East Lansing Art Festival focuses on inclusivity for its 60th year

More than 150 artists will have booths on Albert and M.A.C. avenues at the 60th annual East Lansing Art Festival, selling and exhibiting their work with a variety of mediums.
More than 150 artists will have booths on Albert and M.A.C. avenues at the 60th annual East Lansing Art Festival, selling and exhibiting their work with a variety of mediums.
Courtesy of the East Lansing Art Festival

“What if Wilhelmina,” written and illustrated by Joseph Belisle, was chosen as one of The Best Children’s Books of the Year in 2022 for ages 4 to 6 by Bank Street College of Education in New York City. It tells the story of a 7-year-old girl whose cat, Wilhelmina, goes missing. The girl, Faith, is full of fear but develops coping skills to help her through the difficult time.

Dionne O’Dell, artistic director of the Michigan State University Department of Theatre’s Sense-Ability Ensemble, was drawn to the book by its focus on stress.

“A lot of the children that we work with have anxiety, and I loved how the story dealt with worry in an imaginative and creative way,” she said.

She took it upon herself to develop the book into a musical, which the ensemble will perform at the East Lansing Art Festival at 10 a.m. Saturday and Sunday (May 20 and 21).The book will be for sale, and Belisle will be on hand to sign copies.

The Sense-Ability Ensemble was created in 2019 to produce multisensory, interactive theatrical performances for neurodiverse audiences. The performers are trained to respond sensitively, tailoring sensory experiences to individual audience members and highlighting the power of diversity. 

“Many children who identify as neurodiverse can get overwhelmed by typical sensory stimuli,” O’Dell said. “These shows that we develop specifically for this type of audience are sensitive to that. They are multisensory and participatory. They use puppets and music to engage audiences in a more direct way. There is a lot of one-on-one actor and audience member interaction. These methods also work great for kindergarteners through third graders.”

“What if Wilhelmina” includes music, puppets and other sensory elements. It’s recommended for neurodiverse audiences and children ages 1 through 8.

“If they wish to, the children in the audience will get to experience what a cat’s tongue and whiskers feel like on their skin, they will get to help search for Wilhelmina when she goes missing, smell roses and learn to tango,” O’Dell said.

This wasn’t the first time O’Dell has written a production from the ground up, but it was her first experience adapting a children’s book into a musical.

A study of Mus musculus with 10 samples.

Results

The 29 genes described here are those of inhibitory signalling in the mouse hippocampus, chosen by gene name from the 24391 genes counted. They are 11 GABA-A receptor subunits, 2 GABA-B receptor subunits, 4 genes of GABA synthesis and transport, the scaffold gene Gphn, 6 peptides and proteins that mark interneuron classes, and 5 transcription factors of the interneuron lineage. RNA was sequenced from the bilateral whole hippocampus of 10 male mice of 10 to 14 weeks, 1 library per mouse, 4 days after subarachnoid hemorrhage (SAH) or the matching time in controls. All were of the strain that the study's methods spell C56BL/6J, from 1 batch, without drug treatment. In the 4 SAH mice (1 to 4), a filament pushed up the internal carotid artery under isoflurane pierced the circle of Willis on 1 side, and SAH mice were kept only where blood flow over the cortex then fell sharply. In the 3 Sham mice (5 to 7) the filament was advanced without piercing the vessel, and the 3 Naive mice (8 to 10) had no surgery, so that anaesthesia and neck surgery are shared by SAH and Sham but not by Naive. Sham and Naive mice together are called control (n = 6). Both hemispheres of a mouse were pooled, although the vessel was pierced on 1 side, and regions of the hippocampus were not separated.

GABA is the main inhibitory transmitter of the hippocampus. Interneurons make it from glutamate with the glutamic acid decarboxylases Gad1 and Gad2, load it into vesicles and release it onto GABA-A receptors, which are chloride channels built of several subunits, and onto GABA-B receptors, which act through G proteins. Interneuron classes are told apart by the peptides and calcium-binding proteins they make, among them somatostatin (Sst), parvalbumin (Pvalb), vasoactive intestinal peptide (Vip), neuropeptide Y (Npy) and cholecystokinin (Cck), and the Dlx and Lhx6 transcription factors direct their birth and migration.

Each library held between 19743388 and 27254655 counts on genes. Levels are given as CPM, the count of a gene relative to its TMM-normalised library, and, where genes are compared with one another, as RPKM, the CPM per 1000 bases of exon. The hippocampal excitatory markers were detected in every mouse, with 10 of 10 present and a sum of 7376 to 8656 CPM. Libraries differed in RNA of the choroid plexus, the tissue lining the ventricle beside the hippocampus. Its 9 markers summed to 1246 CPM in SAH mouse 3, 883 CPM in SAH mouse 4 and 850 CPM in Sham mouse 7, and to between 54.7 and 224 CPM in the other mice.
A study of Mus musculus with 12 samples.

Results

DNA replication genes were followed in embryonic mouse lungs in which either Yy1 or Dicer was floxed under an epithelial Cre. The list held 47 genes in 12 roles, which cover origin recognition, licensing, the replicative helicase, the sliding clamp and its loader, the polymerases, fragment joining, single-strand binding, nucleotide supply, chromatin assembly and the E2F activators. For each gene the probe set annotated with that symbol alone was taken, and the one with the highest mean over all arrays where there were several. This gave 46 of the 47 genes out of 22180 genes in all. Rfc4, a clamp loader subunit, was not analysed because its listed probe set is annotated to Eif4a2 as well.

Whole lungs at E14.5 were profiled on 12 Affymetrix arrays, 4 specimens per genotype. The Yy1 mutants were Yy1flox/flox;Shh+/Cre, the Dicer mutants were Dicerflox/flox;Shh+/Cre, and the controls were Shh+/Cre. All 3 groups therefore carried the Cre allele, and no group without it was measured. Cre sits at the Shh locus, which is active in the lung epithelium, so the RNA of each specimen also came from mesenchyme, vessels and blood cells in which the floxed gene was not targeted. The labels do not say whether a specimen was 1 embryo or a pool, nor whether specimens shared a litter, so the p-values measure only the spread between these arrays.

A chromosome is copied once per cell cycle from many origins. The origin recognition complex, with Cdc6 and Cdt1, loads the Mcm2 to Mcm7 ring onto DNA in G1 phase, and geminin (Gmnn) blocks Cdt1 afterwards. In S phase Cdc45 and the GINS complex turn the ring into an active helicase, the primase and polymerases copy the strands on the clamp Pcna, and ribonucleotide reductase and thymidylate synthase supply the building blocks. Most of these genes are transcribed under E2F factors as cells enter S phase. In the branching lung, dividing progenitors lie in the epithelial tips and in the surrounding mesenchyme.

“I worked closely with the author and illustrator to be certain I was honoring his vision,” she said. “I wouldn’t say it was difficult, but one of the creative challenges was that the book doesn’t have a lot of dialogue, so I had to decide how to tell the story by expanding the dialogue and remaining true to the central message.”

She wrote all the lyrics to the original songs and worked with Chelle Peterson, who holds an associate’s degree in music from Lansing Community College and a bachelor’s degree in theater design from MSU, for the score. Peterson has worked with O’Dell on past productions, including “Farm! A Musical Experience,” which the Sense-Ability Ensemble debuted in 2019, and “MAKE ME FAMOUS,” which the Department of Theatre produced in 2014.

“I generally send Chelle the lyrics, we discuss them, I badly hum the tune in my head, and then she works her magic,” O’Dell said.

The show was originally developed in spring 2022, and the ensemble toured with it at local elementary schools in April this year. The cast and crew are excited to show off months of practice to patrons at the festival.

“We are honored to be performing at the East Lansing Art Festival this year,” O’Dell said.

Apart from featuring the Sense-Ability Ensemble, the East Lansing Art Festival is working to promote inclusivity this year by accompanying all performances with on-site signage in three languages: English, Spanish and Mandarin.

“This was a recommendation from a community member after last year’s festival,” festival director Heather Majano said. “So, I found a grant, the Michigan Arts and Culture Council Project Support Grant, that would help us to make it happen. We’re excited to add an additional level of accessibility to the festival.”

Also new this year is a featured artist in the Artist Demonstration Area, Jenna Wood, who will demonstrate indigenous basket weaving using traditional materials. The featured artist was made possible due to a grant from the East Lansing Arts Commission.

The rest of the festival will remain largely the same as last year, with two full days of performances at the Jackson Main Stage, featuring the Greater Lansing Ballet Company, the East Lansing High School Jazz Band, the Flames ‘N Dames fire-dance group, a Native American spirit dancer, a magician and puppeteer, Americana/blues musician Grace Thiesen and more; a food court with everything from grilled cheese, barbecue and desserts to traditional Peruvian, Spanish and Mexican food; and a continued partnership with the MSU Spring Arts and Crafts Show, which runs 9 a.m. to 6 p.m. Saturday and 10 a.m. to 5 p.m. Friday at the MSU Union. 

The festival will also feature 156 artists from all over the United States, including five of the six award-winning artists from last year, who will be exhibiting and selling their work at booths along Albert and M.A.C avenues. For a full list of artists, including the mediums they work with, see page 14.

“I hope the community is able to meander to downtown East Lansing and enjoy art, their community and the beginning of beautiful weather,” Majano said. “I hope the artists have a positive experience, including making connections with people as well as selling their art!”